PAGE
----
A Democratic staffer faced some major legal problems after pulling a stunt at a Trump rally in 2020.
According to court documents, the Democratic staffer reportedly posed as an FBI agent at the rally before leading police and Secret Service on a chance through Washington, D.C. The documents noted that the suspect was finally arrested after a T-shirt he was wearing tipped off law enforcement.
Before he was busted, however, he secretly gave himself a huge raise of $80,000, a report said, citing the court papers.
The Blaze reports:
According to court documents, a staffer for Rep. Brad Schneider (D-Ill.) quietly resigned after he was accused of impersonating an FBI agent during a Trump rally on Nov. 14, 2020. Sterling Devion Carter allegedly showed up at a MAGA rally in Washington, D.C., but was posing as a fake FBI agent.
The Daily Beast added, “Carter, who was standing near his parked car, was wearing a black T-shirt that read ‘federal agent,’ a police duty belt, a Glock pistol, extra ammunition, handcuffs, a radio, and an earpiece.”
He apparently pulled off the hoax so successfully that, according to the report, people in the Trump crowd were thanking him for his service.
He was driving a blue Ford Taurus, which resembled an unmarked police vehicle. The car even had blue emergency lights, a driver’s door spotlight, a laptop mount on the dash, and its back seats that were partitioned off from the front in order to transport prisoners.
According to the report, Carter had turned on the flashing lights during the rally, which caught the attention of a pair of plainclothes Secret Service officers.
The court documents said that the officers noted that the vehicle’s license plate was much bolder and longer than normal tags from Washington, D.C., leading them to become suspicious so they ran the plates, which did not turn up any results.
The Blaze adds:
The officers went to inspect the unusual police cruiser and approached Carter. The law enforcement agents noted that Carter placed his pistol magazines behind his handgun – which would make it difficult for an officer to reload his gun during a firefight. The officers also noticed that Carter’s badge was unrecognizable.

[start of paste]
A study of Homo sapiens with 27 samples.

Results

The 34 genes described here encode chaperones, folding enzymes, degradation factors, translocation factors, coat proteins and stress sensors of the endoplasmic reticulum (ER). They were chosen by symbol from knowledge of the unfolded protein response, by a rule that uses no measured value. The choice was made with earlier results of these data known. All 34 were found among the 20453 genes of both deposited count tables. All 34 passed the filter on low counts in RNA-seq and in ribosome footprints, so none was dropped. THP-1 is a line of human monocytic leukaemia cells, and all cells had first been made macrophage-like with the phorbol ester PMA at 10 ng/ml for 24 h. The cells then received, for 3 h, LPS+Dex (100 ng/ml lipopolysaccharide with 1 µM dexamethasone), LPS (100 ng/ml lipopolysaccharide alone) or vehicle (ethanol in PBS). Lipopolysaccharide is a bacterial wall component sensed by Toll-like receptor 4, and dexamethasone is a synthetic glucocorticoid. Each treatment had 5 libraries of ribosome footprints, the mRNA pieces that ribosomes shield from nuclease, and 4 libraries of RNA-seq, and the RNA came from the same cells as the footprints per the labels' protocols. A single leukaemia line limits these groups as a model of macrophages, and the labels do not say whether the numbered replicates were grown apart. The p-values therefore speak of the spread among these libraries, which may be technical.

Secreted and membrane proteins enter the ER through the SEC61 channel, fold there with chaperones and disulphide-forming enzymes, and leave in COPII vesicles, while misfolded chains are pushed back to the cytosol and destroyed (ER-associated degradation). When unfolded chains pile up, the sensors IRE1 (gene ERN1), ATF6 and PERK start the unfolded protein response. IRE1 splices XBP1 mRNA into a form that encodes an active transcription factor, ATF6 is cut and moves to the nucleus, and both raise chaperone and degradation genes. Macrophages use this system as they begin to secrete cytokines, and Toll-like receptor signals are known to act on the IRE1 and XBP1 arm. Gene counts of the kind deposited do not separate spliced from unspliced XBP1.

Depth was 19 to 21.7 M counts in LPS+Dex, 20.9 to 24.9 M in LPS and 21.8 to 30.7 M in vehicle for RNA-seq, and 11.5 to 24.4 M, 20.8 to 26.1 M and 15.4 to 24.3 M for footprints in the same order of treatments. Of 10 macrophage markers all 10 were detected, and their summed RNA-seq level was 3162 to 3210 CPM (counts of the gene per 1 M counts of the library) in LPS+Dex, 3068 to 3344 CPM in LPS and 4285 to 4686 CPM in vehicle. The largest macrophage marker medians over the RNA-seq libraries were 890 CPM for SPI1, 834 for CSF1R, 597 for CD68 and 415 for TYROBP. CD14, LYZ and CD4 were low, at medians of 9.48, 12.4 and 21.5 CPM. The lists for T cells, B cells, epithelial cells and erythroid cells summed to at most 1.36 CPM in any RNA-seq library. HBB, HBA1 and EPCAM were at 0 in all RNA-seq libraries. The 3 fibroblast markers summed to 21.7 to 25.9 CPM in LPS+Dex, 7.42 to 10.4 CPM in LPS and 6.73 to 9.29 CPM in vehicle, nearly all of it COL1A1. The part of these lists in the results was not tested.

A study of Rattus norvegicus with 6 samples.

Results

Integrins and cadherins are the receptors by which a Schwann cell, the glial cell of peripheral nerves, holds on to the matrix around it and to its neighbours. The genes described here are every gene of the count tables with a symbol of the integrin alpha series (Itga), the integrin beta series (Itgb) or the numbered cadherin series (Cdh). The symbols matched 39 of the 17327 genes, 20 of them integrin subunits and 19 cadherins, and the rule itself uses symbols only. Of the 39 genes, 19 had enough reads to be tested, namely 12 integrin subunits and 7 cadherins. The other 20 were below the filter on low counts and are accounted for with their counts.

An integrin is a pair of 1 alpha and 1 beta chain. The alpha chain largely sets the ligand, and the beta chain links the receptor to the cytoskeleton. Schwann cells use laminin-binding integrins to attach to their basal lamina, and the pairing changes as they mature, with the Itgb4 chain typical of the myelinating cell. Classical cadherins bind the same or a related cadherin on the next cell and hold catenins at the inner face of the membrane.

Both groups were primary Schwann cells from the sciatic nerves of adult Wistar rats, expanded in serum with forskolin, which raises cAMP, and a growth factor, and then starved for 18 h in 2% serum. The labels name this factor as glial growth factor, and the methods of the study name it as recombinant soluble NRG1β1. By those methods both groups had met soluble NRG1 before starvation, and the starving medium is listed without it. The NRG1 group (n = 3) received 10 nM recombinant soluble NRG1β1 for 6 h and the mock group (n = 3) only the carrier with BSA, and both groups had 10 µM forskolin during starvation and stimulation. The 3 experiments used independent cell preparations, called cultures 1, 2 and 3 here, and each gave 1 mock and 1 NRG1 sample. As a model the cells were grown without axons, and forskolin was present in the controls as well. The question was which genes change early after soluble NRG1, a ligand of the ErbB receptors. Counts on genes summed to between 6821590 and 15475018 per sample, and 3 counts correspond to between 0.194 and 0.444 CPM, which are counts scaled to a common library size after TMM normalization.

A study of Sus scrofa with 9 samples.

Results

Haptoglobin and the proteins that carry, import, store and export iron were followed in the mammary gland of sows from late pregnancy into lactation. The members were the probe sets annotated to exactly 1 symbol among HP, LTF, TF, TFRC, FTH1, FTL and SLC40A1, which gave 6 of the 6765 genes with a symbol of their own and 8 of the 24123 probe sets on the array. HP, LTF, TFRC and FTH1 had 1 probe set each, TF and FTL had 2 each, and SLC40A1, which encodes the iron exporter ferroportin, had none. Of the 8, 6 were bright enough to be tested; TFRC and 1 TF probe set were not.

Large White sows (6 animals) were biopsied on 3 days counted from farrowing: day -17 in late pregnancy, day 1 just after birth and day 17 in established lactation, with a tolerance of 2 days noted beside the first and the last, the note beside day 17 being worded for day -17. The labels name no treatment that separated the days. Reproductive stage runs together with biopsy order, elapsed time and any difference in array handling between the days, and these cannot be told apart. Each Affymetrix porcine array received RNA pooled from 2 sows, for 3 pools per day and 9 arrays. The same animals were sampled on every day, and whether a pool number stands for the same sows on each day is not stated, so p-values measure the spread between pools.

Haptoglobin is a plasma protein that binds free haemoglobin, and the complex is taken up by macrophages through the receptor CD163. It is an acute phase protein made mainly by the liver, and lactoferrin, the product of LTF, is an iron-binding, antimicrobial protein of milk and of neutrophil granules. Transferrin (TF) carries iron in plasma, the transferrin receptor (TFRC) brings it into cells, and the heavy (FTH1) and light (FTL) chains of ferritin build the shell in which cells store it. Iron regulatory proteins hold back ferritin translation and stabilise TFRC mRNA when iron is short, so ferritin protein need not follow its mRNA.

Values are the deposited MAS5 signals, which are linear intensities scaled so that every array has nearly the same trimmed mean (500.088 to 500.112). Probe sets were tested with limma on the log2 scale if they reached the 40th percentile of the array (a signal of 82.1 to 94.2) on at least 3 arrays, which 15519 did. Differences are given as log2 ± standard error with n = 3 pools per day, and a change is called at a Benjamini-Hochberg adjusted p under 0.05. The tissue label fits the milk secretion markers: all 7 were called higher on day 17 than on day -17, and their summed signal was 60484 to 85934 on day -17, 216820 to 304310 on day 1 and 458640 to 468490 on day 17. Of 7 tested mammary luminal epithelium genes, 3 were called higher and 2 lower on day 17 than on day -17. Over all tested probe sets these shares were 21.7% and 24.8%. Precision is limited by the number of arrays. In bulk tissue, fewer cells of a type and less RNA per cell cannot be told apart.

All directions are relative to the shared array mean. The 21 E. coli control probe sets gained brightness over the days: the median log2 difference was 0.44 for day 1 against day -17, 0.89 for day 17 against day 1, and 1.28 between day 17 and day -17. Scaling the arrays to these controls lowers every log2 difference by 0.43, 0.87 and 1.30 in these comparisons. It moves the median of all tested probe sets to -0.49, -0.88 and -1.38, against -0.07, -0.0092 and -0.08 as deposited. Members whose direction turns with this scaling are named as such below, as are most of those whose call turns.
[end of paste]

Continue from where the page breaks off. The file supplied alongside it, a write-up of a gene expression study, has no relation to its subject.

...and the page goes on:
Carter then got into his car and drove away with the emergency lights flashing.
The officers contacted the United States Secret Service Joint Operations Center to see if any other federal law enforcement agencies were assisting in controlling the crowds. There were no uniformed federal agents working that day.
Not long after five bicycle officers with the Secret Service managed to catch up with Carter and as they approached him, the Democratic staffer told the officers he was “FBI.” When the officers asked Carter to produce some valid credentials, he flipped on his emergency lights and sped away from the scene.
One agent took off after Carter on an electric bike, at times reaching speeds of 35 miles per hour during his pursuit through the D.C. streets. But eventually, the Secret Service agent broke off the chase for “officer safety reasons,” allowing Carter to elude him,
At that, the FBI, Secret Service, Capitol Police, and D.C. Metropolitan Police all launched an investigation into the incident, court papers and an accompanying report noted.
Secret Service Special Agent A. Pascual posited that the suspect bought the fake federal agent T-shirt from a Florida clothing store, a court affidavit said. He secured a list of every customer who had recently bought a “federal agent” tee from the store, 13 Fifty Apparel. Pascual narrowed down a list of 399 people to 21 who lived in the Washington, D.C., area.
The Blaze noted further:
The suspect was described by Secret Service agents as a black male, approximately 25-30 years old. Based on law enforcement databases, only one customer fit the description: Sterling Carter.
Pascual also investigated the fake license plates on Carter’s Ford Taurus. The investigator contacted a website that sells fake tags and asked if they had sold a license plate that matched the ones on Carter’s Taurus. The company said it had sold the fake plates to Carter, according to an affidavit.
However, law enforcement did not discover that Carter was a Democratic congressional staffer until three weeks after the Secret Service chase. During that time, Carter was a credentialed staffer who had access to the U.S. Capitol building.
After Schneider’s office was told about Carter posing as an FBI agent, the staffer was given the option to resign or be fired, according to court papers. Carter reportedly said he would resign, but he kept his government-issued cellphone, the reports said.
For over a year, Carter — who served as Schneider’s operations director and was responsible for payroll and bonus payments — gave himself an $80,000 raise, boosting his congressional staffer salary from $54,000 to $138,000.
After a manhunt, Carter was arrested in Georgia, his parents’ home state. In court, Carter admitted that he openly carried a handgun in D.C., which is highly illegal.
However, The Daily Beast reported, “Federal prosecutors dropped the law enforcement impersonation charge, and he narrowly avoided prison time (When Carter pleaded guilty at 24, he barely made the age cutoff to take part in a local District of Columbia prison diversion program for young first-time offenders, according to his lawyer).”
Carter pleaded guilty to “theft of public funds in connection with his scheme to fraudulently inflate his salary and bonus payments, thereby paying himself more than he was legitimately owed,” in February, according to a Department of Justice press release.
He was sentenced to nine months in federal prison last week over the theft of public funds. His lawyer said that Carter would be turning himself in soon to begin the sentence, reports added.